I’d like to start off by suggesting, maybe going so far as to assert, that I do exist. It is true I prefer not to pose for photographs, but I have a couple. And, furthermore, Watson doesn’t buy gifts. This is an Established Fact.
And while I would have preferred to have discussed my own rankings for various movies of the Batman or Superman variety, I think I will instead take exception to something Ryan said about how boring a Silver Age Superman movie would be. I happen to disagree, because such a movie (or two) already exists, and they’re not boring.
I am referring, of course, to the first two Christopher Reeve Superman films. Superman Returns, which I find is a bit underrated, attempted to do something similar, but when you have a scary guy serial killer with a clown face tattooed on his bald head, you are really leaving the friendly confines of the Silver Age where Superman can take the time to rescue a cat from a tree and fly off with a wave to the camera, perhaps after replacing the ol’ Star and Stripes on the White House roof.
I will start off by actually admitting I’m not much of a fan of the Silver Age Superman. Silver Age Superman comics tend to have Superman being more inclined to use his brain than his superpowers, but not the way that might make it preferable. Many a Superman story from this era involves Superman seemingly stuck in an unsolvable conundrum, only to reveal Superman was tricking his adversary the whole time and had everything under control when whatever devious trap he’d set had been sprung. If he did get into what he termed a “super-battle” (he amended most everything he did with the prefix “super”), he didn’t throw punches so much as let stuff bounce off his chest and throw things. At most, he might wrestle something close to his strength class.
Superman stories from this era didn’t even have to make sense on certain levels.
Superman was also above all a paragon of decency. Granted, so were most DC heroes. DC wasn’t known for giving its heroes distinct personalities in those days. Superman would help out the less fortunate, be a true American patriot, and really believed in Truth, Justice, and the American Way. He had some kind of charm. There’s a reason Superman’s Silver Age stories seem to have endured better than, say, Batman’s pre-O’Neil and Adams. Maybe he didn’t have the most memorable of villains outside Luthor, Braniac, and a couple others, but that was because Superman wasn’t always about beating back the supervillains. He was about the spectacle of a man who could fly doing amazing things for the kid readers at home.
This brings me to the first two Christopher Reeve Superman movies. The really brilliant part here is that the movies, while using the Silver Age Superman as a template for what the character would be like, don’t do the same with the rest of the characters. Margot Kidder’s Lois Lane is not a superficial, helpless thing who wants to trick Superman into marriage. She’s actually a bit of a cynic, and someone who clearly wants to hop into bed with Superman since she asks him what color her underwear is when he sits down for an interview.
The second movie does imply, by the by, that wanting to sleep with Lois is the big reason Superman depowers himself. He never says as much, but it looks like someone read Larry Niven’s “Man of Steel, Woman of Kleenex” essay.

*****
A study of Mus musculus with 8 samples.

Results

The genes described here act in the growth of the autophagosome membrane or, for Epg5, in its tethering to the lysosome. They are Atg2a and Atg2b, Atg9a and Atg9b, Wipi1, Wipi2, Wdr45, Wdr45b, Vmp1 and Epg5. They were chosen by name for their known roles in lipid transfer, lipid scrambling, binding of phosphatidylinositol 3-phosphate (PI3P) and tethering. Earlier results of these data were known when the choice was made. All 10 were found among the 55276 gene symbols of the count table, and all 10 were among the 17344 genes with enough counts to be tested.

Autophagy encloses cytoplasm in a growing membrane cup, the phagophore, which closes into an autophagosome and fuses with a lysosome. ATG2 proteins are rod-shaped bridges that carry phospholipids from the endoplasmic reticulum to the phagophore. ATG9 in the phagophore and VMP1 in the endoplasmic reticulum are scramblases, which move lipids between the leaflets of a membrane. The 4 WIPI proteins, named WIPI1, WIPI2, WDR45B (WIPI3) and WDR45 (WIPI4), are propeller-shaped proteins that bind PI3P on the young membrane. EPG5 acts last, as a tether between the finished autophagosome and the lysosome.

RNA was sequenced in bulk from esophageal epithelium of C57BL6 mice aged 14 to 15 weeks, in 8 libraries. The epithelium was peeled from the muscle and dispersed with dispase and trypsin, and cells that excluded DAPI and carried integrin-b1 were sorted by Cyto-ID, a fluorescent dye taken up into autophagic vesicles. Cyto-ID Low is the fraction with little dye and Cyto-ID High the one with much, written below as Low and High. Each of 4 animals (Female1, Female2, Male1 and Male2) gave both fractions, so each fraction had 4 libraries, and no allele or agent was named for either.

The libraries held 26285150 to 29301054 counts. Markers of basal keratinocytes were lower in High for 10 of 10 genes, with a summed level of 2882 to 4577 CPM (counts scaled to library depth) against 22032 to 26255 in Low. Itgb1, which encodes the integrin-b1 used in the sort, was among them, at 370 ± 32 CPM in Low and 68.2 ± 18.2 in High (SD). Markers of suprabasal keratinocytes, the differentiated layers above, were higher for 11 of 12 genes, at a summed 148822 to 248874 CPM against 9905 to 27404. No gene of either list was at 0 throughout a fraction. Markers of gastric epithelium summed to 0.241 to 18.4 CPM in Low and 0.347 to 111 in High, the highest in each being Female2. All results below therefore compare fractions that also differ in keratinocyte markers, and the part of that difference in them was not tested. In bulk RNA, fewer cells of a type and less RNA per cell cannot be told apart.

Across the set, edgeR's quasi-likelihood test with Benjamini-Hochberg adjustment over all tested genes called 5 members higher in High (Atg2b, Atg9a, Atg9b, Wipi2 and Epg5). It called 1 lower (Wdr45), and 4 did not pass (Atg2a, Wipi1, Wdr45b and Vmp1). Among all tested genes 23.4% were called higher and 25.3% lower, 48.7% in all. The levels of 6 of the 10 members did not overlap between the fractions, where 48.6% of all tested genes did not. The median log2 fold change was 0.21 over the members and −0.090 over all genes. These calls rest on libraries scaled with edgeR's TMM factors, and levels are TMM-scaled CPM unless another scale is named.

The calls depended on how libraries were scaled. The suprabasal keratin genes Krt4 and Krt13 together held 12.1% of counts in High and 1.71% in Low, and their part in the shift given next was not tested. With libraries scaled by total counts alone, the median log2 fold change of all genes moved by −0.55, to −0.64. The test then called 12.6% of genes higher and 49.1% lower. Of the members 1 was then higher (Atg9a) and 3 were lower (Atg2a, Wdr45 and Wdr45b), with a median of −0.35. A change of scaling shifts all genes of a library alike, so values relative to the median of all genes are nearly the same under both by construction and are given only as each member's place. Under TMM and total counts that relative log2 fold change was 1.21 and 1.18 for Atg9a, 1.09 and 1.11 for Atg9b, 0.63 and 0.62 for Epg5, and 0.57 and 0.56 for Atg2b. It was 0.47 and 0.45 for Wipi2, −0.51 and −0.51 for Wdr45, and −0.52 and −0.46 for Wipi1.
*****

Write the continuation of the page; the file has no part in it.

Reeve’s Superman actually has a seemingly effortless charm, so the viewer can believe he really means it when he says he believes in Truth, Justice, and the American Way, even as Lois scoffs at it when he first says it. By contrast, while bombastic, Gene Hackman’s Lex Luthor isn’t building giant robots and tanks to commit crimes. There’s a scene that got edited out of the theatrical release where Superman essentially waltzes through a series of defenses Luthor has set up for his lair, namely a bunch of automatic machine guns, flame throwers, and a really cold blast of ice, but nothing on the scale of the sorts of things comic Luthor would throw together. He doesn’t wear the green and purple tights either. Or steal 40 cakes, and that’s terrible.
You might want to look that last reference up.
Consider how Reeve’s Superman deals with things. Outrunning a train or kicking a football across the county are there for the awe and wonder aspect. He rescues a cat from a tree and Air Force One from crashing. He carries a boat full of bad guys to a police station after dropping a cat burglar off in front of a beat cop. He’s earnest, not inclined to joke around, and keeps his promise to Miss Tessmacher to stop the nuke headed for her mother’s hometown before getting the one headed for the West Coast.
Of course, he didn’t do this:
Much of the Silver Age hokum extends to how he deals with General Zod and Co. Few punches are thrown onscreen. He wrestles a bit, throws things, the sort of stuff he did all the time in the Silver Age. He defeats them in the end with deception, counting on Luthor being a weasel to save the day. If he needs a superpower, he has it, no matter how ridiculous.
But for my money, the first of these is actually the better movie. There may not be a Superman throwdown with anyone in his weight class, from the opening with a kid reading a comic book, goes instead for the awe and wonder of seeing Superman fly around and save the day, of spectacle over violence. Man of Steel offered a very different kind of Superman, one that didn’t seem to care as much about property damage in either of the places he is known to call home, or who seems to bounce back somewhat fast from killing Zod, but the classic original Reeve movie, a movie that probably couldn’t be made today for many, many reasons (see the flop that was Superman Returns), managed to completely capture the essence of the Silver Age in ways that have never and will never be duplicated, and it was far from a boring movie.